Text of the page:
Trends in the MEA server market

Growth in the MEA server market will be driven by demand for rack and blade units

Tags: IDC Middle East and AfricaServers
By  Victoria Mendes Published  January 21, 2016

The dynamics of the server market has been going through some major changes over the last couple of years in the Middle East and Africa (MEA). To paint a clearer picture, it is important to understand that servers are classified into different types based on their instruction sets — x86 and non-x86. The former of these are further broken down into four product categories: rack-optimised, tower, blade, and density-optimised servers. And while rack and tower servers — the traditional leaders of the pack — remain the most popular form factors, blades and density-optimised servers are both gaining ground.

Located towards the lower end of the pricing spectrum, rack servers are more likely to be adopted for projects within the government and education verticals, where price typically plays an important role in determining purchases. As such, they will continue to be the mainstays of the MEA market. Tower servers are beginning to decline in popularity, but they still hold a good share of the market, primarily due to the fact that this form factor is the cheapest.

Blades have recently become very popular in MEA, and IDC predicts that their share of the region’s market will overtake that of tower servers over the next five years. Density-optimised servers have also begun to pick up traction in the region, and IDC is expecting to see a couple of major projects in this space in Turkey and Qatar before the end of the year.

What’s interesting to note is that there has been a slowdown of server shipments to the region over the last couple of years. The major reason behind this slowdown is the growing uptake of virtualisation technologies, which require less server units than was previously the case. This means that a growing number of organisations are now actively optimising their existing installed base of servers rather than increasing their physical server capacity. And the figures back this up, with the region’s virtualisation rate already standing at more than 35%.

Over on the other side of the market, non-x86 servers have been steadily declining over the last couple of years as new workloads are predominantly added on the x86 side. Typically, we are seeing a trend where organisations would rather purchase cheaper servers and virtualise them than purchase very expensive RISC, CISC, or EPIC servers.

While the MEA server market did see a slowdown in shipments during 2014, the decline of just 1% year on year compares favorably to the overall global trend, with HP and Dell respectively occupying the market’s first and second spots. This relatively strong performance was made possible by a number of significant deals that took place towards the end of the year. This includes the region’s biggest ever high-performance computing (HPC), awarded to Cray Inc. by Saudi Arabia’s King Abdullah University of Science and Technology (KAUST) to accelerate its supercomputing capabilities in both its laboratory and learning environments.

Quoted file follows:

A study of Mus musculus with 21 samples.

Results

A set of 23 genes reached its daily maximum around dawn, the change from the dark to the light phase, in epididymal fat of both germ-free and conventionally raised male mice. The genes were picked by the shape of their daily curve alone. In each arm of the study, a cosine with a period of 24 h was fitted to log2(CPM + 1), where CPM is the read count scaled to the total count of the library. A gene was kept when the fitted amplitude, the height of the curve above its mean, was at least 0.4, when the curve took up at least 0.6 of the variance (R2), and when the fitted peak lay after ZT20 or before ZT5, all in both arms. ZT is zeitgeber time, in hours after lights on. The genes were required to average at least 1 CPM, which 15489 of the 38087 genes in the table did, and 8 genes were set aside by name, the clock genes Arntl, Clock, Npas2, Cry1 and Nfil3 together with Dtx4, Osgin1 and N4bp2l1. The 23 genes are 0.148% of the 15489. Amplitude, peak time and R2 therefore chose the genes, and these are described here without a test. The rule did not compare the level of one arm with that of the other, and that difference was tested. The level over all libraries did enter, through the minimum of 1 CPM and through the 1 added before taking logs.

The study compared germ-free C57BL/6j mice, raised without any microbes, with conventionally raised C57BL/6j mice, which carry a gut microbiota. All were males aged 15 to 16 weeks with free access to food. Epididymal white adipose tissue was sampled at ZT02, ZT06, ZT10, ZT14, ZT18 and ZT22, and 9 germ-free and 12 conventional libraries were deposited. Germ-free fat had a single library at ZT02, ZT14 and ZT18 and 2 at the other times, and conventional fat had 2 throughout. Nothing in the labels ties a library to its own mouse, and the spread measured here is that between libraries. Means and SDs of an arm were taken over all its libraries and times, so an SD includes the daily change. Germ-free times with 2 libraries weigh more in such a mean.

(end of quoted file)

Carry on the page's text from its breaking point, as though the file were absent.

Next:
Unsurprisingly, average selling prices (ASPs) increased last year as vendors strived to hit their revenue targets at a time when volumes are falling. However, IDC is seeing a decline in ASPs this year as Lenovo and Huawei are offering prices that are 40% lower than their A-ranked rivals. To quantify this, the drop in ASP from Q4 2014 to Q1 2015 alone was 13% for all vendors combined. All that said, the MEA region continues to have a number of brand-loyal customers that prefer the more expensive options served up by HP and Dell.

While the region has seen a slowdown in server shipments over the last two years, the MEA market is expected to pick up again over the coming forecast period due to a number of reasons. Chief among these is Microsoft’s decision to end support for Windows Server 2003. Indeed, IDC expects the migration rate to pick up speed as there are still many organisations that have not yet made the switch due to the complexity of the process and the sheer number of servers that need to be rehabilitated.

The slowdown that has been seen in the purchase of servers has also driven vendors to become more innovative with their offerings, enabling them to handle different workloads and incorporate additional components like storage and networking as well. For example, Cisco’s UCS servers are sold alongside networking components. Such innovative developments will also play a considerable role in accelerating growth in the region over the coming years.

This return to growth in the MEA server market will be driven by demand for rack and blade units due to the growing requirement for Big Data computing capacity and converged systems. However, it is also worth pointing out that economic slowdowns, currency fluctuations, and government procurement issues will prevent the rate of growth from reaching its full potential in the MEA region, particularly in Africa.

The server space will doubtless continue to evolve over the next couple of years as new innovations emerge and customer demands become ever more complex. How will the major market players adapt to this change and who will emerge on top? Only time will tell, but you can be sure that it’s going to be an exciting ride finding out.